Deleted
    Last edited by grant hayes; 12-25-2017, 10:54 PM.

  • #2
    the 'dark' here, familiar Alchemy, bearing the heaviness, ... wounded lightning is interesting, very beautiful. Intense and still. Thanks for sharing!

    Comment


    • grant hayes
      grant hayes commented
      Editing a comment
      Thank you for reading, amenOra!

  • #3
    This speaks to me of the rise and fall of men. Very vivid and with intensity and brevity.

      grant hayes commented
      Editing a comment
      There is definitely that angle in it, Alexandra; I am glad this speaks to you thus.

  • #4
    I find this intense yet I don't understand it all and would love your insight to help my learning.

    Comment


    • grant hayes
      grant hayes commented
      Editing a comment
      To find it 'intense' is sufficient, mooneyblack. There is no prescriptive 'meaning' for this piece; in a way, it is its structure. I am happy to elucidate that, but I prefer further interpretation to occur free of any interference from me. amenOra has done a good job of engaging with the imagery and metaphors of the piece. I will give some pointers below.

  • #5
    i'll take a stab as to it's meaning...

    stanza one might be about "high" e.g. royalty ... miscommunications.

    the raising of the (quarter sun) in an image of the sublime: divine meeting human.

    stanza 3 is somewhat the dawning,
    breathtaking description about matter battling spirit...
    and the inanimate matter, non-mud, like a newborn, blind, untitled. the mud prevails?--
    red symbolizes matter, white symbolizes spirit, I believe.


    the drum seems to be about time; sequences of things. syncopation... wounded lightning feels to me very elemental, and has to do with pairing of light and sound. Wounded sound ... after the strike of brilliant lightning. what is missing then, I ask myself.

    ...

    the end stanza submits an end, quite normal in the animal kingdom. almost like the day coming into focus, and seeing things, ... it's normal and natural, "plunder", of spirit. It is a given that we all suffer. And it's a nice, wound down ending, where the natural order of things is reinstated.

    the plunder is the flesh, right?

    Comment


    • grant hayes
      grant hayes commented
      Editing a comment
      Better than a 'stab', amenOra. That you have taken the time to share your impressions is most appreciated. As usual, your interaction with the piece is alert and fruitful; you have an affinity for the symbolic resonance of words and images. Your interpretation is coherent and subtle and entirely apt. Thank you for your attentive reading!

  • #6
    True to form Grant always intriguing. I get the subliminal sum of the third lines. Though I might disagree with amenOra a bit.

    Comment


    • grant hayes
      grant hayes commented
      Editing a comment
      I don't mind being intriguing, divot; I'll take it as a benediction. Disagreeing over a piece like this is par for the course, of course ☺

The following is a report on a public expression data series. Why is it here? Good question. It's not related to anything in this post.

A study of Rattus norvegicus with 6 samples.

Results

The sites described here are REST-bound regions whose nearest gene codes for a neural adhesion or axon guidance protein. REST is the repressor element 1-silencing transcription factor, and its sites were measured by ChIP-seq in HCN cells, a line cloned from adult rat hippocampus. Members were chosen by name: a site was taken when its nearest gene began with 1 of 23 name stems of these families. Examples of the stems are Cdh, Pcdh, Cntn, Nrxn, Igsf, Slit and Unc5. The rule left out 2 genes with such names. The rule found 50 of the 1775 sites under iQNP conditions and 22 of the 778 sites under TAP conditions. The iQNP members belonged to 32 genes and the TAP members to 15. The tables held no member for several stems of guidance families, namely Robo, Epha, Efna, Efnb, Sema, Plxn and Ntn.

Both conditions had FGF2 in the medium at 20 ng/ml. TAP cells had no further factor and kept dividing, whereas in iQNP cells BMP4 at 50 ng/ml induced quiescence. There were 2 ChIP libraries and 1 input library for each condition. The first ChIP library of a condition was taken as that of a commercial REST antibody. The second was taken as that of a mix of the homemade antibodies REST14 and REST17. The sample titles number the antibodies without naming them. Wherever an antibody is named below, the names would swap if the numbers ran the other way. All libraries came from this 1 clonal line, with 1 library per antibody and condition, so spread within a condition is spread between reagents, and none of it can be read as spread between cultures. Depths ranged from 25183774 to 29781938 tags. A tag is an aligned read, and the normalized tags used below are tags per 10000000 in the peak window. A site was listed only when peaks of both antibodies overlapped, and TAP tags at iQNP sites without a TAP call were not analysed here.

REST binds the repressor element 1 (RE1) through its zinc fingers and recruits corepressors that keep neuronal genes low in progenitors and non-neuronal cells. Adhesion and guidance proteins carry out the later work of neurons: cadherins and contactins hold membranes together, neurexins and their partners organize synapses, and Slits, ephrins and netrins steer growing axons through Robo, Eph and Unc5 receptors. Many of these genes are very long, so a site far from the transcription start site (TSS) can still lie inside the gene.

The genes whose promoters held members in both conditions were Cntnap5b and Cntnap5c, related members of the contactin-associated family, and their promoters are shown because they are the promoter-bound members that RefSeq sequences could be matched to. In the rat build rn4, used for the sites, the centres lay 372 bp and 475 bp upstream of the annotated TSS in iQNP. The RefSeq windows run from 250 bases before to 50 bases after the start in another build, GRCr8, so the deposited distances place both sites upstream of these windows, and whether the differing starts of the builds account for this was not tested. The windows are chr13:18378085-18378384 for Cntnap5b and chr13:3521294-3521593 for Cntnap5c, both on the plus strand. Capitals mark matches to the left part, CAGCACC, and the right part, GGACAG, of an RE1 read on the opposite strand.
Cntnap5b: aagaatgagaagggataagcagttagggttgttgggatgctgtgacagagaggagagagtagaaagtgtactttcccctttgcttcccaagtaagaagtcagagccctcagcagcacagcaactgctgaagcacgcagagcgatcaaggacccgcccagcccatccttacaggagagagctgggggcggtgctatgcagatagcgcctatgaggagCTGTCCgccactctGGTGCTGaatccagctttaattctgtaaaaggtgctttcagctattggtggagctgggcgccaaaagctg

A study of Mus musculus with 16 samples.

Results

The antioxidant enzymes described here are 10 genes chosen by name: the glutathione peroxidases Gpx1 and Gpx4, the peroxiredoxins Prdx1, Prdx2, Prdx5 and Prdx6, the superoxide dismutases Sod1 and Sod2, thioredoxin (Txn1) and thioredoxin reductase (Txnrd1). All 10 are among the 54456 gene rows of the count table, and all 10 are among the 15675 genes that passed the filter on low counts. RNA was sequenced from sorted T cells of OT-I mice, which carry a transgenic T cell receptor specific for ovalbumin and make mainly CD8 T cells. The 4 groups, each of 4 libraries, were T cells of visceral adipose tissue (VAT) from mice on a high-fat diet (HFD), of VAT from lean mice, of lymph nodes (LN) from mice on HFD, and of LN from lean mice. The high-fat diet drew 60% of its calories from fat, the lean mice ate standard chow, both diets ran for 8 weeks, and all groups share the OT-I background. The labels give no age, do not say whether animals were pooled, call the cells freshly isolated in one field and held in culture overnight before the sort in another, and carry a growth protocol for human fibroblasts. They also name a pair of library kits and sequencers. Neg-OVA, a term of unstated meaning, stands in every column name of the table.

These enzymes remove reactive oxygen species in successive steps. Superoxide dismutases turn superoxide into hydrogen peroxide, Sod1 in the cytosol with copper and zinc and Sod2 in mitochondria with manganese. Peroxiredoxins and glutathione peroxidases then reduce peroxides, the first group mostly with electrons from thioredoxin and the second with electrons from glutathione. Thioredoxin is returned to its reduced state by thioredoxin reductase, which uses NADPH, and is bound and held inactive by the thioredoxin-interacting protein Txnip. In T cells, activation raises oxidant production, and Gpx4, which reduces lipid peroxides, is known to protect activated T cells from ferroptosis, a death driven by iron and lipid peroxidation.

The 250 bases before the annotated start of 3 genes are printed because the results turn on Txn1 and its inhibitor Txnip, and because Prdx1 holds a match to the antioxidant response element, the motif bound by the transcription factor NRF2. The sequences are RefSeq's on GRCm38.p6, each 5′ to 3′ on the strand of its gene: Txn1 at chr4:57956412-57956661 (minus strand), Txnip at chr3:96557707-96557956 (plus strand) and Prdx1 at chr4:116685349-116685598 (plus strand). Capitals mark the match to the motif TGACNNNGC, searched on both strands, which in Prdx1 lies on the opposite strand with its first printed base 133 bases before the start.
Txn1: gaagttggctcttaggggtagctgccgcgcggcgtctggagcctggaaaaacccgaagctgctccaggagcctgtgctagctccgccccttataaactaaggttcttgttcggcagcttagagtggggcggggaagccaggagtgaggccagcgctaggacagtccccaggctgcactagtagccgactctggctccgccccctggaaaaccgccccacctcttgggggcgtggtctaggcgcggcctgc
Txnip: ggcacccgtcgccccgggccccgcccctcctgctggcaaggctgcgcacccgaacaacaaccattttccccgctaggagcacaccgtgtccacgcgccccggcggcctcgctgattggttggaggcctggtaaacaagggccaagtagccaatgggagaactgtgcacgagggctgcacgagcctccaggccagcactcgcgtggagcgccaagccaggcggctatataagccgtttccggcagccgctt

• #7
    Hello grant, What an achievement, to have given yourself so many parameters and to toil within and with so few words (drove you mad, I dare say) to produce a poem of this stature is most admirable, indeed. I actually got it straight away, in my own way, that is; on the surface, I dare not surgically analyse for fear of snipping the poetry Let there be light, and the light and blood of the many storms to follow. You write like a caved monk, dealt the hand of life, read them and weep, as it were and from that which wept - reap. Excellent by Jove! Fond regards, Tony.

    Comment


    • grant hayes
      grant hayes commented
      Editing a comment
      Getting it straight away in your own way is the best way, Tony As for madness, I am already there. I hear you about refraining from a too-deep surgery, yet your remarks show that you have plumbed the fathoms anyway. Many thanks for your kind appraisal.

  • #8
    My previous comments seem to have disappeared.

    This is a master course in lexical precision, as is all your work.

    I interpreted this as a commentary on nature as the great equalizer, which humbles the mighty and the lowly alike.

    Having read your explanation, I now see how far off I was.

    Nevertheless, when I interpret in that light, it grips me even more!


    Comment


    • #9
      Your initial interpretation is not 'far off' at all, Dwayne; as I remarked above, this piece does not prescribe a single, canonical meaning. The explanation I've given may inform an interested reader about my construction process, and the catalyst for writing, but it is not meant to be the last word. There is definitely a levelling that emerges in this piece.

      Comment


      • #10
        The precision of the structure, coupled with the alchemical leanings, left me feeling quite outpaced. Even now, reading the comments on a cell phone screen, I sense I'm inadequate to full appreciation. I hope when I'm back to home base and regular monitor size, I can return for another look.